The Downward Spiral of Spectacular
It was a much anticipated Scout Camping Trip. We were going to see some spectacular canyons out in West Texas. The weather was beautiful, and everything was just right. Though it was a long drive to get there, the Adult Leaders and older Scouts were really pushing for this camping trip because it was one of the most scenic and visually exciting places the Troop had camped.
Fast forward to the trip home. I was a bit disappointed, to say the least. My disappointment was partly due to having to cut the Camp a little short because of weather issues. The biggest disappointment to me, however, was that it didn’t turn out to be the experience I had hoped for the Scouts. Instead of being filled with excitement about the breath-taking views around us, the Scouts eschewed hiking in favor of hanging around camp. The highlight of the camp, it seemed, was spending half a day playing sand games in a dry creek bed.
Why? I couldn’t figure it out.
Part of the reason I enjoyed hiking so much was because I cultivated a “love of the wilderness”. I talk about this in my post series on the Wilderness in Scouting. Although it seems that this love of the wilderness is being forgotten by far too many Scouts, I don’t think this under-appreciation of the outdoors is the only reason some Scout Camps can be just flat-out boring.
You see, the reason the Scout’s reaction to this camp had been so confusing to me, is because I was buying into a certain way of thinking about camps that I have since found to be inaccurate. The way of thinking goes like this:
“The most important thing about Scout Camping is where you camp. The more exciting the setting, the funner the camp. The more commonplace the setting, the more boring the camp.”
The more I look around, the more I see this way of thinking influencing Troops’ decisions. It seems to be a game to go somewhere bigger and more exciting than the last place. How else can boys stay interested and excited about Scouting?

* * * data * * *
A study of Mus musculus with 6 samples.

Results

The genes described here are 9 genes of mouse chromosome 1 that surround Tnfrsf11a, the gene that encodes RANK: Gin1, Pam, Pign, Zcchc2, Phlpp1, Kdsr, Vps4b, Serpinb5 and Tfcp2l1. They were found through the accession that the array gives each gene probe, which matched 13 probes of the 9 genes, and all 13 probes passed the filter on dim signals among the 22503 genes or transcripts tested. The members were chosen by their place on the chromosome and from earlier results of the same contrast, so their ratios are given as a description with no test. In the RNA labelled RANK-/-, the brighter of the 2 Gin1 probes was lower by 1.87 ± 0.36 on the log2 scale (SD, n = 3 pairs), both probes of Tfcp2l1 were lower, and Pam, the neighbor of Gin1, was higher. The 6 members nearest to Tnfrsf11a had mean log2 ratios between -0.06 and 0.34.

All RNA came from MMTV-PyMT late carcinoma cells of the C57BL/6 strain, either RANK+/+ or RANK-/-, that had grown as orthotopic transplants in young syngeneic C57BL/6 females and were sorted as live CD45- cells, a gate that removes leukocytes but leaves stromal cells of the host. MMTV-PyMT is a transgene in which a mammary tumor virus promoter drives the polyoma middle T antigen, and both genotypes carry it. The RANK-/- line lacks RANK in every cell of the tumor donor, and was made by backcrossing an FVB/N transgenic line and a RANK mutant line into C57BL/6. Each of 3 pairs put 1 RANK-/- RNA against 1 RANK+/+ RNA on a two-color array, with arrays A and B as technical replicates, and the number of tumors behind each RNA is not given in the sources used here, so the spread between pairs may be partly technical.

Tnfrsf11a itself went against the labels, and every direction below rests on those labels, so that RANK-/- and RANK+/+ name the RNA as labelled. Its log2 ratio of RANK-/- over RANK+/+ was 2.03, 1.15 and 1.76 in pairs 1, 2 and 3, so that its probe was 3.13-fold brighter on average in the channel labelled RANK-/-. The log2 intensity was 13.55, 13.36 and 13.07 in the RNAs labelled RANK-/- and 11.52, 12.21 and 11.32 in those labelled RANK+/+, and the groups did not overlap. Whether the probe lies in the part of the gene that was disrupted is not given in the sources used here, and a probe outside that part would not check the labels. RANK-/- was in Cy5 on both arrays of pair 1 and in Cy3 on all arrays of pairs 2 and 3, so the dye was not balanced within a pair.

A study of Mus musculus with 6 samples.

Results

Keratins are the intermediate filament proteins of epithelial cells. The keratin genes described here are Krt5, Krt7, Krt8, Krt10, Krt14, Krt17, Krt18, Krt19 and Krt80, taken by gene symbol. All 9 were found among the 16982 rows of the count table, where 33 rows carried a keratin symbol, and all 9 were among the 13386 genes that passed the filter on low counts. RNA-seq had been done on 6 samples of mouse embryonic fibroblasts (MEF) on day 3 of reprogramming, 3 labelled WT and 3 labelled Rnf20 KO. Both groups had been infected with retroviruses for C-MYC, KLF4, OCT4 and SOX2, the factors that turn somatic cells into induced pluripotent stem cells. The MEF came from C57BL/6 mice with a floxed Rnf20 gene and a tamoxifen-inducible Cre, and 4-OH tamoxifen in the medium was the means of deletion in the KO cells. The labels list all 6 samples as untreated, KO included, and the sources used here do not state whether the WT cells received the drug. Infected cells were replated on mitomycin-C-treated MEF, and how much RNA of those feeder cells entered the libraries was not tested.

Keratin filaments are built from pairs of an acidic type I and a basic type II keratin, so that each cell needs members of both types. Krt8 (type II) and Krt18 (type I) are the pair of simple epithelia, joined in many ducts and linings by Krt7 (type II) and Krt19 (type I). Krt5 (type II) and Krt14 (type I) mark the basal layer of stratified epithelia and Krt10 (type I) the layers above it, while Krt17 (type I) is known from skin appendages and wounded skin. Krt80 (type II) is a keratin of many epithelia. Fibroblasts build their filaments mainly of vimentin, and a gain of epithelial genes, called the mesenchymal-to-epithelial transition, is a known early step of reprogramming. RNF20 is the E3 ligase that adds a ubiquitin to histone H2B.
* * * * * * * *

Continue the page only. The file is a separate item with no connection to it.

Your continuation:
This way of thinking was my own until I ran into a different way of thinking in my quest to Rediscover Scouting. This discovery slowly came about through reading about Scouting’s past and studying Scouting’s present.
The more I read and researched, the more I started to come to the conclusion that where you camp is really only a small part of it. The most important factor is what you do on a camping trip and how the camp is conducted.
Don’t get me wrong! I’m not saying that Scout’s shouldn’t try to go to cool places with very exciting and adventurous environments. What I am saying is that the environment doesn’t necessarily make or break the camp. If a Troop isn’t good at running camping trips, then it won’t really matter where you go; it still won’t be the camp you hoped it would be. The most important thing about a camping trip is what you do and how you do it.
I am saying that modern Scouting has a lot it needs to rediscover about camping and what it really is.
Is it really that important? What if your Troop really does go camping often? Well, chances are if your Troop goes camping regularly, the Scouts enjoy the camping trips enough to keep wanting to go on new ones. In that case, you might think that your camping program is healthy and doesn’t need any changes.
I still think it is important that we go a little deeper to learn about the these principles of Scout camping. Scouting is always a continual work-in-progress. I believe that by examining the principles of Scout Camping and putting them into practice, we can ensure that camping is never looked upon as a boring activity.
This is the introductory post in a series I will be writing here on ScoutingRediscovered about the principles of Camping. Contrary to what some people might think, this activity is timeless and will never get dated. It can be forgotten, though, and I hope that by keeping the spirit and principles alive, we can prevent that from happening.